We all know that ‘Robots NASA’ is the term which makes us understand the technology which NASA is following this entire time to explore the universe outside. This means rovers, since NASA, ESA, and the Soviet Union have sent automated spacecraft to nearly all the Solar System’s larger celestial bodies.
Rovers have been sent only to the Moon and Mars, and I will consider the prospects of sending them elsewhere.
Robots NASA: Some Of the Developments
Most of the Solar System’s celestial bodies are airless. That makes it challenging to land on them, because one needs rockets to slow down to land properly, as opposed to crashing. Currently, we have only two main kinds of rocket engines, high-thrust, low-exhaust-velocity (chemical engines) and low-thrust, high-exhaust-velocity (electric motors). Pushing up the exhaust velocity makes the rocket use less fuel, but lower thrust means longer to change speed — typically too long for landing on any sizable celestial body. So while one may use an electric engine to travel to such a celestial body, the final bit of the way must be by the chemical engine.
Mercury would be the most difficult to land on, with its low-orbit velocity of 3 km/s. By comparison, the Moon’s is 1.7 km/s, and Jupiter’s four big moons are 1.8, 1.4, 1.9, and 1.7 km/s. Most other airless bodies are much easier.
Of those with atmospheres, the outer planets do not have solid surfaces or even well-defined liquid surfaces. Their atmospheres fade off into a liquid state with increasing pressure. Of the remaining ones, Triton and Pluto have very thin atmospheres, roughly comparable to the Earth’s atmosphere at about 70 km altitude. Venus and Titan, however, have atmospheres thicker than the Earth’s, and one can slow down by hitting the atmosphere, as one does for the Earth.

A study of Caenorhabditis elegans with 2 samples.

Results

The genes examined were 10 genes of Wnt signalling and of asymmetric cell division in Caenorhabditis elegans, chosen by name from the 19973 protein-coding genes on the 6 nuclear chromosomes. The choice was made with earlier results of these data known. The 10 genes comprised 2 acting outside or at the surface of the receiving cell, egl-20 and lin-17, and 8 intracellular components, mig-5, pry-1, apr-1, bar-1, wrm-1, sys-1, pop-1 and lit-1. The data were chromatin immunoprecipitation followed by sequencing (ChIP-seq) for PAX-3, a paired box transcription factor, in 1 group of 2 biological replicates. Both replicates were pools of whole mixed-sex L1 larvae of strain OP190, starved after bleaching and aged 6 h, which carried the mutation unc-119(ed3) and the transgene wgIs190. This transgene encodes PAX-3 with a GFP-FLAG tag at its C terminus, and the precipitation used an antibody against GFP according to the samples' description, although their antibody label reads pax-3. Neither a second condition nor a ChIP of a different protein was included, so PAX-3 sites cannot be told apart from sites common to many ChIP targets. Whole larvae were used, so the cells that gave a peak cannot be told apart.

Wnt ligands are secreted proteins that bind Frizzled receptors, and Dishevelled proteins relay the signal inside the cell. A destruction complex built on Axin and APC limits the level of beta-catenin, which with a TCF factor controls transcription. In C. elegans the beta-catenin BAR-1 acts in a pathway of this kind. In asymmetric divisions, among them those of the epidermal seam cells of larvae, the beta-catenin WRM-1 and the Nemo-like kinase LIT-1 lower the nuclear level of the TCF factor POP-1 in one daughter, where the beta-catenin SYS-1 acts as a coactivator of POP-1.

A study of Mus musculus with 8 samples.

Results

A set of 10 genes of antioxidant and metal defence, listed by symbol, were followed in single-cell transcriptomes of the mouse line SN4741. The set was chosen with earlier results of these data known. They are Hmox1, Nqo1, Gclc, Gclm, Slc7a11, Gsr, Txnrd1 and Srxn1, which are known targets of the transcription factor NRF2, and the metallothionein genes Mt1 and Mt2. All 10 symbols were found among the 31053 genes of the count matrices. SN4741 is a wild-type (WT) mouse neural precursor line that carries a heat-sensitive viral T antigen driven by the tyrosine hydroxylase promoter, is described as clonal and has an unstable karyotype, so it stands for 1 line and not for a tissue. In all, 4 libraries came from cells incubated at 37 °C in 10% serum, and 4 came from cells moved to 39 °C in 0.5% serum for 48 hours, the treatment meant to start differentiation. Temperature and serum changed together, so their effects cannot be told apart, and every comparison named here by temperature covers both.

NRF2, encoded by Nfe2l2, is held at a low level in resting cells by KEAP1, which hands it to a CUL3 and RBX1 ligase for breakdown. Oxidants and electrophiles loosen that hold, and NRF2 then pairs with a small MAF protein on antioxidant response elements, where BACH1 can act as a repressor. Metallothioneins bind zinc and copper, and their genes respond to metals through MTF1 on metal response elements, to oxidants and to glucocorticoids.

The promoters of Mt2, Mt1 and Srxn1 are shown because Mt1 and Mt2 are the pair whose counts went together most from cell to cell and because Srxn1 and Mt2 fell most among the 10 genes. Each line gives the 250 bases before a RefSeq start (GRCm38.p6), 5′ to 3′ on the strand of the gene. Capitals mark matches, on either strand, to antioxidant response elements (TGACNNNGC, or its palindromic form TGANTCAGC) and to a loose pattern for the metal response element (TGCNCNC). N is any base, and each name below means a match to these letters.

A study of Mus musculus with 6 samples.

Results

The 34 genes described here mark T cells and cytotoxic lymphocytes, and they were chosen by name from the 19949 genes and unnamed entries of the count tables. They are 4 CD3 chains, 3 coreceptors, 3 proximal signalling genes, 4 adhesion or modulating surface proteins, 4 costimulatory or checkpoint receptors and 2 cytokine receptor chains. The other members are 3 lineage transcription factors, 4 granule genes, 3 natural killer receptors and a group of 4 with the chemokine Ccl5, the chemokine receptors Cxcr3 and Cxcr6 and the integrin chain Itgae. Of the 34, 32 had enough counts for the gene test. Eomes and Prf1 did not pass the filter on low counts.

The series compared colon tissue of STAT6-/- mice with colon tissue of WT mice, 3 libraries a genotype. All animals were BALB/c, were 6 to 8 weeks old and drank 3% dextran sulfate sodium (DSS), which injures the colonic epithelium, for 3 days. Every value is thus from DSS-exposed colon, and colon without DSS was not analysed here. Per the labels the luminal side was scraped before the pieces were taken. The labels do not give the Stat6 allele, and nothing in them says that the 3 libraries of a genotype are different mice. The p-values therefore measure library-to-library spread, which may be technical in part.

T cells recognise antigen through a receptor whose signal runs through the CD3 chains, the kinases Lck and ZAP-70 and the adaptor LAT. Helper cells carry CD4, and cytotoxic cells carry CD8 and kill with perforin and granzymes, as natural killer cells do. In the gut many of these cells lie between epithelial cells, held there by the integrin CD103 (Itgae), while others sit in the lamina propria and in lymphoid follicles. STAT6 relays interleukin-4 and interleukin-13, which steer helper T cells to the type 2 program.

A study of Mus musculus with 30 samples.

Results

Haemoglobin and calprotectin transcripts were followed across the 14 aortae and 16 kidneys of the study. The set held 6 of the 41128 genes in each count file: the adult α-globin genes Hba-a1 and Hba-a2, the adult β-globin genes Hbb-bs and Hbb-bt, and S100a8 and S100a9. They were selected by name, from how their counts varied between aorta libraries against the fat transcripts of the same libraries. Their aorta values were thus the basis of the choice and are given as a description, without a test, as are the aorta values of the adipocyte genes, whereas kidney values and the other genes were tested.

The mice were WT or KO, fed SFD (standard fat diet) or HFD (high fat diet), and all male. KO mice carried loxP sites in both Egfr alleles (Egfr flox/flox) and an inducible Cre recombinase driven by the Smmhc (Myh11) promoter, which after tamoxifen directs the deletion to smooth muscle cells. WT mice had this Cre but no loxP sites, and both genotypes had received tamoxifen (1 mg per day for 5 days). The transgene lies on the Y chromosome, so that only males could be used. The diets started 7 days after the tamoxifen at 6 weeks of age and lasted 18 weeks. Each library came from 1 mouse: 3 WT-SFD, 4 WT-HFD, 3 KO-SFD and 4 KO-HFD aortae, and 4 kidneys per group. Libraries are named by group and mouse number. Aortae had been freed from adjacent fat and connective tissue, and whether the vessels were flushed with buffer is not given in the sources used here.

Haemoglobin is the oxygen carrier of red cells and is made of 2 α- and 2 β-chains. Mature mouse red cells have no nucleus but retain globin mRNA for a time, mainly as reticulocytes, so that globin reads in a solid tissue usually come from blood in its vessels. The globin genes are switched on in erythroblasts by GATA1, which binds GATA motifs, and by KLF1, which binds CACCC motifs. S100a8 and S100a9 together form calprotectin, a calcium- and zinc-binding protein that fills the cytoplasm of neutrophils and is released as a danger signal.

Now for surface conditions. Mercury and Venus are both inside the Earth’s orbit, and their surfaces are hotter than the Earth’s. Of the two, Mercury would be easier to land on and travel on, since one can land near a pole and not have very hot daytime. A sun shield should work well since the Sun would be near the horizon, and since reflected sunlight and re-radiated heat will not be very great. Venus, however, is hot all over, and at about 450 C. I’ve seen some proposals for some rovers that can survive such temperatures and even some work on transistors that can continue to work at such temperatures, but that’s about it.
Outside the Earth’s orbit, it is much better, since overheating will be much less of a problem. Titan, for instance, has an average surface temperature of about 98 K or -171 C.
Turning to travel to these celestial bodies, there are some big problems. Travel time, velocity change (delta-V), and for the outer solar system, distance are some problems. These problems make it difficult to travel to Mercury and the outer Solar System, and that is why missions to those places have been relatively infrequent compared to missions to Mars.
We can conclude that the technology is developing and is making significant progress, which can even unveil the mystery of warm holes in the future.